Measurement Menaces of the Month: People Who Use Silly Metrics in Award Entries


Our Measurement Menaces of the Month for November are those individuals who use silly metrics in award entries. The most obvious transgressors are those vendors who, six years after the Barcelona Principles, continue to offer (and too frequently push) AVEs on their clients. I think of it like being slimed in Ghostbusters:


The problem isn’t just that the vendors do it. What compounds the problem is that they give speeches touting their bogus results, and those fraudulent numbers get sent around the organization as if there were actual dollars being made. And then they end up in awards ceremonies…

Which brings us to the real menaces — award entrants who pull random, large numbers from a vendor report and use them for the “Results” section of their entry. While I didn’t hear any winners of the recent PR News’ Digital Media Awards use AVEs, I did hear a ridiculous number touting “billions of impressions.” In fact, their target audiences were more like 100,000.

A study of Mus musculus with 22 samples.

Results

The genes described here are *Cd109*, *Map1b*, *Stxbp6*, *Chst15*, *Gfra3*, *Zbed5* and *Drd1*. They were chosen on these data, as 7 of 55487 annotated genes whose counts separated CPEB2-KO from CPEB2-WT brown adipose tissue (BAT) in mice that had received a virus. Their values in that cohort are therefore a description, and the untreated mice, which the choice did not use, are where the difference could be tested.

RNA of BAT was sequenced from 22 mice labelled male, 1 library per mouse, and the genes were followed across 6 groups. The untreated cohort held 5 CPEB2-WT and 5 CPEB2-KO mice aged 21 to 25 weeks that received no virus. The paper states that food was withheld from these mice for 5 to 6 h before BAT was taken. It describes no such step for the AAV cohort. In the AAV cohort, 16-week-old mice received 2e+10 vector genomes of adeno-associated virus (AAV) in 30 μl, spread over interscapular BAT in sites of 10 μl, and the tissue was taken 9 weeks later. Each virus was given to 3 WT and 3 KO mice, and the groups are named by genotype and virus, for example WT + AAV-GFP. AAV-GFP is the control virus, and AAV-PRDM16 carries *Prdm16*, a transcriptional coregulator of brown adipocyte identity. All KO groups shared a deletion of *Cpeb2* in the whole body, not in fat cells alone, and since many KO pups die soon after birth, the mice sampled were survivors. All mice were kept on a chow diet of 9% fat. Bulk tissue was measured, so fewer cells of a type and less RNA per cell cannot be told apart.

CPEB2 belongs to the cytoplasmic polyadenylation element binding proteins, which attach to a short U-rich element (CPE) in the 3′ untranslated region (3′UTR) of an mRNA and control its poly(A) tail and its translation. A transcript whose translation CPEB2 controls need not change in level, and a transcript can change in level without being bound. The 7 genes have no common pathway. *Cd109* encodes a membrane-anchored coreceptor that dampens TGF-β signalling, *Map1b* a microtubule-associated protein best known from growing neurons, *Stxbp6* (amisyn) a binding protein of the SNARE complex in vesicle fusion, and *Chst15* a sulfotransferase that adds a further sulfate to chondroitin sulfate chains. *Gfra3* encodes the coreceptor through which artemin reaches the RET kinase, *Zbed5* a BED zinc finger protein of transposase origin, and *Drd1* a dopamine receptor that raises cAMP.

Of the dozens of speeches, award programs, and conferences I’ve sat through of late, only a handful actually show results that tie back to objectives. Which contributes to a downward spiral: people go to award ceremonies and conferences to learn from the best. But when those “best” don’t know how to show the impact of their work with anything more than big, meaningless numbers, there cannot be any real learning. Instead, bad habits proliferate.

The good news is that PR people who use these bogus numbers do faulty measurement, and as a result they get marginalized. Meanwhile the folks in marketing that are using valid measures—and are showing true impact—get the better jobs, the greater responsibilities, and the raises. (Read “The New Normal Invalidates Your Old Metrics: Here Are 4 Ways to Adapt”) ∞



  1. Debra Bethard-Caplick

    I would like to have heard specifics. Instead, this reads like an excuse to bash PR and praise marketing. Very disappointed.